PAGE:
James B. Rhoads delivered his presidential address at the 1975 annual meeting of the Society of American Archivists (SAA) in Philadelphia, Pennsylvania.  Rhoads began working at the National Archives in 1952 and held several positions before being appointed in 1968 as the fifth Archivist of the United States.  During his tenure, the National Archives began the publication Prologue, developed regional archives, and witnessed an exponential growth in interest in genealogical research.  “Bert” Rhoads passed away April 7, 2015.  His address was published in the January 1976 issue of the American Archivist.

Speaking in Philadelphia less than one year before the celebration of the Bicentennial of American independence, Rhoads spoke both about how archivists could contribute to this upcoming celebration and about issues and opportunities for the next century.  He turned first to his society — the SAA — and identified this as a time of transition, hope, and opportunity for the SAA.  The primary transition resulted from the hiring of the first executive director, a long-term goal finally realized.  He pointed to major grants SAA had been awarded by the National Endowment for the Humanities as vital opportunities.  He also pointed to upcoming opportunities with the joint SAA/International Congress on Archives meeting to take place in Washington, D.C. in 1976 and with the planned publications program for SAA.  He reiterated concerns about the need for a professional curriculum for archivists.  Rhoads acknowledged the problem of thefts of archival materials.  And he expressed hope that SAA members would embrace broader, more inclusive membership policies.  Along similar lines, he argued for expanded roles for women and minorities in the archival profession.

As for the archival profession more broadly, Rhoads pointed to the importance of emerging regional archival organizations.  He also identified the development of the National Historical Publications and Records Commission as a major opportunity for the archival realm — “to breathe new life into state and local government archives and nongovernmental manuscript collections” (8).  Within the context of the upcoming Bicentennial celebration, Rhoads asserted that archivists should try to entice younger patrons to use and learn from primary sources.  Although recognizing untrained hands should probably not be handling original documents, he made an impassioned plea for educating children about archives:

“I think we have an obligation to make certain that the schoolchildren of this country know that such records exist, that they know that what they read in their textbooks is based on an interpretation of those records, that if they suspect that they are being hoodwinked they know there is a court of recourse—not just the library, where they will find more secondary sources and interpretations—but the archives and manuscript repositories where they can track down the original thought, the original concept, that has been modified advertently and inadvertently by historians over the years” (8).

In remembering those who sacrificed during the American Revolution, Rhoads argued that for archivists, “Our responsibilities are, or should be, to the public—of our own community, of the state, or of the nation” (9).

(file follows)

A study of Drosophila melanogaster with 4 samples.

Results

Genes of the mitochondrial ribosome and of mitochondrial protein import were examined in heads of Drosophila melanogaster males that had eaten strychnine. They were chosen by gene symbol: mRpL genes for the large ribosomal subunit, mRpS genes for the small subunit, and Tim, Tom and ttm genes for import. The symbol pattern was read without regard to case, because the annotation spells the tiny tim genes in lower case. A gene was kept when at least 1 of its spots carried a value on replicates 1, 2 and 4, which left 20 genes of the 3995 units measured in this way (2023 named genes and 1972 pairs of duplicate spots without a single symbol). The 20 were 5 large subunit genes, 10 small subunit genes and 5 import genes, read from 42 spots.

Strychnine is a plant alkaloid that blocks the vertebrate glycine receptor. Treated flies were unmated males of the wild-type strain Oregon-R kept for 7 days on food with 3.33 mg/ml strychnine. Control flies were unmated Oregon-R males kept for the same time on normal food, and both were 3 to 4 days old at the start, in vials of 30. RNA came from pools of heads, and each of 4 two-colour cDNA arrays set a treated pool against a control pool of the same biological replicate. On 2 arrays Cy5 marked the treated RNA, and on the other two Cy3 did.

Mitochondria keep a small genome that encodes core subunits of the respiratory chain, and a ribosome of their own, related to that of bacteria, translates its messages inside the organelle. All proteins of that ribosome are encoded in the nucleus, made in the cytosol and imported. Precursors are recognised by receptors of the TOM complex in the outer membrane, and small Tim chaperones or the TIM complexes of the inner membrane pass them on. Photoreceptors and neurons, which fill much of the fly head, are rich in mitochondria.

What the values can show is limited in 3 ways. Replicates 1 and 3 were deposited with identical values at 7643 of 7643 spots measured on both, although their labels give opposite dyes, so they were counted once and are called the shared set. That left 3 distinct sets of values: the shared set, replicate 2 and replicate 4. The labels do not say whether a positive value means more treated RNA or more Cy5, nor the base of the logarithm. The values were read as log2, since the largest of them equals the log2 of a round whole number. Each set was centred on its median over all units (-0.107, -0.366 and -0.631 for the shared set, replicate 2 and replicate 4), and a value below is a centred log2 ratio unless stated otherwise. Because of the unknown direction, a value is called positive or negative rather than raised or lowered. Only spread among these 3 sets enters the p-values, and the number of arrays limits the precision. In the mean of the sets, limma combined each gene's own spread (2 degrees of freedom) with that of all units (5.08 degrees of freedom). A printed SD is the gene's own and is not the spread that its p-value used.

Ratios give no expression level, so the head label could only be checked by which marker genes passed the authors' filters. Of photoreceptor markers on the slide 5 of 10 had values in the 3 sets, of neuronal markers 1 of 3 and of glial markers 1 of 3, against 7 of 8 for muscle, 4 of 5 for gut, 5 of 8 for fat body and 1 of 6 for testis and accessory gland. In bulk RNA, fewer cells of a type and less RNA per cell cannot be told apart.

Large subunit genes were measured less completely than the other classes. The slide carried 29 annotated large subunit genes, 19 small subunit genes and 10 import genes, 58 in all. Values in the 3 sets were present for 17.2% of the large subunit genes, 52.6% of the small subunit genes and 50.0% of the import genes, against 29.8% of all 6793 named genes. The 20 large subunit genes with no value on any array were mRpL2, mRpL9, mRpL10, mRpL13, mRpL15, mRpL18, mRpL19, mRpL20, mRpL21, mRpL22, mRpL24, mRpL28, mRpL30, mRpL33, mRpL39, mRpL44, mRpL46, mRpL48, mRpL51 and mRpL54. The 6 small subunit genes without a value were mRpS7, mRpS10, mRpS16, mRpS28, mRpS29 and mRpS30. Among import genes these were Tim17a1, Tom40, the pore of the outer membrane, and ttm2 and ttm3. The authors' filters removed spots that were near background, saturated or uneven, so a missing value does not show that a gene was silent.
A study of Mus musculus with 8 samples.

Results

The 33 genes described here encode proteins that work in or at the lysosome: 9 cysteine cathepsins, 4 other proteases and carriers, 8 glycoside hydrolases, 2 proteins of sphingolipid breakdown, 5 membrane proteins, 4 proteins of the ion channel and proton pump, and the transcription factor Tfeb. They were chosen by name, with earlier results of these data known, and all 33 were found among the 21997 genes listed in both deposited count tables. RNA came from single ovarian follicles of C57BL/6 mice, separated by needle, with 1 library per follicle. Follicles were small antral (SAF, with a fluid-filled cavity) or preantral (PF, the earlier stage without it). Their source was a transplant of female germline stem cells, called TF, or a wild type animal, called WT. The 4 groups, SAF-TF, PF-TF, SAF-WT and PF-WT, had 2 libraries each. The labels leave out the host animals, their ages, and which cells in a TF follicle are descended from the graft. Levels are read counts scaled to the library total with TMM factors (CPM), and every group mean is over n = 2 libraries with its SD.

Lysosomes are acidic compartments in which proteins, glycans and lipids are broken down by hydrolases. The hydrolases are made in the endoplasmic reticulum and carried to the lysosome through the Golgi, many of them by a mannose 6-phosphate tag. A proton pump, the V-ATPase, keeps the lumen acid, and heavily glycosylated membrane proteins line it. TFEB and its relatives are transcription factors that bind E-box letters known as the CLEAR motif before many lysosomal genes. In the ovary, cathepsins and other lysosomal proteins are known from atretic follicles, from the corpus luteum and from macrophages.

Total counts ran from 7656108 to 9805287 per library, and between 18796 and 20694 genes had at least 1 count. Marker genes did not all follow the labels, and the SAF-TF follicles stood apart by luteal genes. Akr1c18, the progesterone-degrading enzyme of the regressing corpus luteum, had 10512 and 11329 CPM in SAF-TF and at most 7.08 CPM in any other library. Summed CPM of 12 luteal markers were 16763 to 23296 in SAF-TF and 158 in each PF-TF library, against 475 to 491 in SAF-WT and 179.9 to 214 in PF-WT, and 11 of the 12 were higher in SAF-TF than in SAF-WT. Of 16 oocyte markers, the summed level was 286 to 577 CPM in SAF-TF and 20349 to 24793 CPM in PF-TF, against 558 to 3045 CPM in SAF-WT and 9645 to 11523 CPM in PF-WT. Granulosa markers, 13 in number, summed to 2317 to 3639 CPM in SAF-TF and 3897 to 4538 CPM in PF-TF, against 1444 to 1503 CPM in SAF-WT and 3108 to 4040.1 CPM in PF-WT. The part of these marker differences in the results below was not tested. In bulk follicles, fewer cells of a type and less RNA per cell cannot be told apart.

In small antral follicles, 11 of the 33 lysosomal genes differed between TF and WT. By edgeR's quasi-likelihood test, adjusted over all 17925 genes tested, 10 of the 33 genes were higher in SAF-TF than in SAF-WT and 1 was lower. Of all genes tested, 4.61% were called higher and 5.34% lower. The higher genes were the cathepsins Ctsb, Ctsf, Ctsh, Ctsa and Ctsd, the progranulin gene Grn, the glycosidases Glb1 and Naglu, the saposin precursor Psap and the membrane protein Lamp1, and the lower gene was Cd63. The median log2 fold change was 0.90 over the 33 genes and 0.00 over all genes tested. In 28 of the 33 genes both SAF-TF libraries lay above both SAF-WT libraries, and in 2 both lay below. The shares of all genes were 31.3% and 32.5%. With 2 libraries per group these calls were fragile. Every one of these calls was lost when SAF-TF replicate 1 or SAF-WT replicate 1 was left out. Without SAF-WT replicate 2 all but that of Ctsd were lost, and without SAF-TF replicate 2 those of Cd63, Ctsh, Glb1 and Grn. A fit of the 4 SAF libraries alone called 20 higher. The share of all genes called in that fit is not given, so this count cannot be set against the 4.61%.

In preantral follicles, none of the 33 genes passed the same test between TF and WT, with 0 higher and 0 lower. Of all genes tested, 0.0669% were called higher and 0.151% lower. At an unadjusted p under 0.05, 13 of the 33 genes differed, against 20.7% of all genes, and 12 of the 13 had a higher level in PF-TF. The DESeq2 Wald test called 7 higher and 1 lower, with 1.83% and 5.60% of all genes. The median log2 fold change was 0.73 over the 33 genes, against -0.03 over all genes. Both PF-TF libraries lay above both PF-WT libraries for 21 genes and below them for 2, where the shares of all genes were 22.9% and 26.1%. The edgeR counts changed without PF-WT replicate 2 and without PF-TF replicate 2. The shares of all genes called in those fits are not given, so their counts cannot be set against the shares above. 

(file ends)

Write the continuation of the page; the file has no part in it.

As for his country, Rhoads delved into three items affecting access to public records.  Curiously, despite the Watergate hearings in 1973 and the resignation of President Nixon in 1974 and the subsequent passage of the Presidential Recordings and Materials Preservations Act to retain his papers at the National Archives, there was not any direct reference to any of these in the SAA presidential addresses of the time.  The closest Rhoads came was an oblique comment about the “political travail of the past two years [that] depended so often on good records faithfully kept” (12).  Instead, he focused on:

  1. Executive Order 11652 was signed by Nixon in 1972 and provided for the declassification of national security information.
  2. The Freedom of Information Act (FOIA) was passed in 1966, and now we get some acknowledgement of it in the annals of SAA presidential addresses.  Rhoads concluded, “It is just possible that the Freedom of Information Act amendments will come to serve as important leverage in securing better records management in the agencies, as well as a catalyst which will make both archivists and records managers more aware of their interdependence” (10).  However, he also cautioned against overuse of FOIA requests, suggesting that doing so would imperil the ability of NARA to have the time and staffing to fill ordinary research requests that were not given FOIA priority.
  3. The Privacy Act of 1974 restricted the “collection, maintenance, use, and dissemination of information about individuals that is maintained in systems of records by federal agencies.”  While acknowledging that individuals have a right to privacy, Rhoads cautioned that this legislation could go too far — “there is a very real danger that vocal segments of the public will become so obsessed with the right of personal privacy that many records of great historical value, records which should indeed be closed for long periods of time to protect the rights of living persons, will be closed forever by law” (11).  When medical records from the Civil War are still being held in archives under restriction, I would say Rhoads was correct in his analysis.

Rhoads concluded by urging archivists to work with the Public Documents Commission.  He posed 13 questions that should be considered by the Commission, with recommendations then made to Congress.  His last sentences were a challenge to archivists: “Let us cease to look only inward at matters peculiar to our own profession, our own institutions, important though they are to us. Let us look outward and move forward, confidently, to meet the challenges that surely await us” (13).